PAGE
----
Minister for Culture and Sport Miri Regev threatened to cut off subsidies if the documentary was not pulled.
In a conflict that some are already calling The Clash of the Regevs, the new Minister for Culture and Sport, Miri Regev, told the director of the Jerusalem Film Festival, Noa Regev (no relation) that she will cut off all of the event’s subsidies unless a documentary entitled Beyond the Fear is taken off the program.
Miri Regev, a former Army censor and a leader of the victorious Likud party which swept recent elections, had already created furor in the media when she first announced that she will not hesitate to clamp down any attempt by artists of any kind to slander the present Israeli policies. Harshly criticized after she threatened to deprive an Arab theatre troupe of all financial assistance because it refused to take its productions on tour through the West Bank territories (that conflict was settled when the troupe gave in to her demands), she now enjoys however almost wall to wall support on her decision to prevent the official presentation of Beyond the Fear in the forthcoming Jerusalem Film Festival, starting July 9.
The project, launched by late eminent Latvian documentarist Herz Frank who moved to Israel in 1992, and completed after his death in 2013 by Maria Kravchenko, follows the life behind prison bars of Igal Amir, the man who assassinated Prime Minister Itzhak Rabin in 1994 and affected, to a great extent, the political future of the country. Purging a life sentence, with apparently little or no chance at all of ever being released, considered the most hated prisoner in any Israeli jail, without exception, he got married, while in prison, with Larissa, a Russian-born divorcee who had fallen in love with him and gave birth to his son.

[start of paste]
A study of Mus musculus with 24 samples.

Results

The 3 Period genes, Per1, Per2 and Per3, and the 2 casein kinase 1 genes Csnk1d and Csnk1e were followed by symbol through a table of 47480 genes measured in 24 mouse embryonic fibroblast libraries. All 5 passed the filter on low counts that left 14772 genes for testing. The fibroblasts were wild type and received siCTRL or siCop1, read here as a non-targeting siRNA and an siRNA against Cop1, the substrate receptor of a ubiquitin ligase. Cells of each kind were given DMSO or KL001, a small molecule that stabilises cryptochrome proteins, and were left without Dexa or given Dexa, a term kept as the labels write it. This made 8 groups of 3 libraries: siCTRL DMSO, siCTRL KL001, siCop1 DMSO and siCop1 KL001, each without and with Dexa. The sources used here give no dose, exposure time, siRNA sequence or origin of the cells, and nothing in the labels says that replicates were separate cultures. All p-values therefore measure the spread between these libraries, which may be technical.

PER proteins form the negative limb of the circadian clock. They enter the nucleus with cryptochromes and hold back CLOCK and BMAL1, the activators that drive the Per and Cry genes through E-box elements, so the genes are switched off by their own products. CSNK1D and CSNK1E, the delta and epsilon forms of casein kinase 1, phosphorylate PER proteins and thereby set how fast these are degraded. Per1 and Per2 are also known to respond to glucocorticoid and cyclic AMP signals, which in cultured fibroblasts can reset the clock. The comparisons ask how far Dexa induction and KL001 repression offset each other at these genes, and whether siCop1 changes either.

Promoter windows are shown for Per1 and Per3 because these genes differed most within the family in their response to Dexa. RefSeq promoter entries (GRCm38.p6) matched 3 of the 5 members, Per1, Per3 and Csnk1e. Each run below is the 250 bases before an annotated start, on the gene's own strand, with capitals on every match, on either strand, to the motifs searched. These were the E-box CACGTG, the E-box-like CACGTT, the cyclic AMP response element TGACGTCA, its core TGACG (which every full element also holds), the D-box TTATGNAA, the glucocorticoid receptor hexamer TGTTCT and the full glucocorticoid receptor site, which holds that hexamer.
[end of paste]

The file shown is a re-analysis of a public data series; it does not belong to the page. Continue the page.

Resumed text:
Already unveiled in several international festivals, such as Riga IFF and Hot Docs, recipient of Russian Film Critics White Elephant award for Best 2015 Documentary, the film’s selection for the international documentary competition in Jerusalem triggered an angry wave of protest ranging from Minister’s right wing supporters all the way to former President Shimon Peres, who was one of Rabin’s closest collaborators at the head of the Labour Party (the two shared with Yasser Arafat the 1994 Nobel Prize for Peace)..
In a press release published earlier today, JFF’s Noa Regev announced that, conscious of the sensitive nerve the film is touching, it will not be screened within the frame of the festival program but shown earlier, in another Jerusalem cinema. But since the festival has and will go on providing a free and independent, unbiased platform for all artistic opinions and approaches, it will stay in competition, the jury most likely to watch it in a private screening.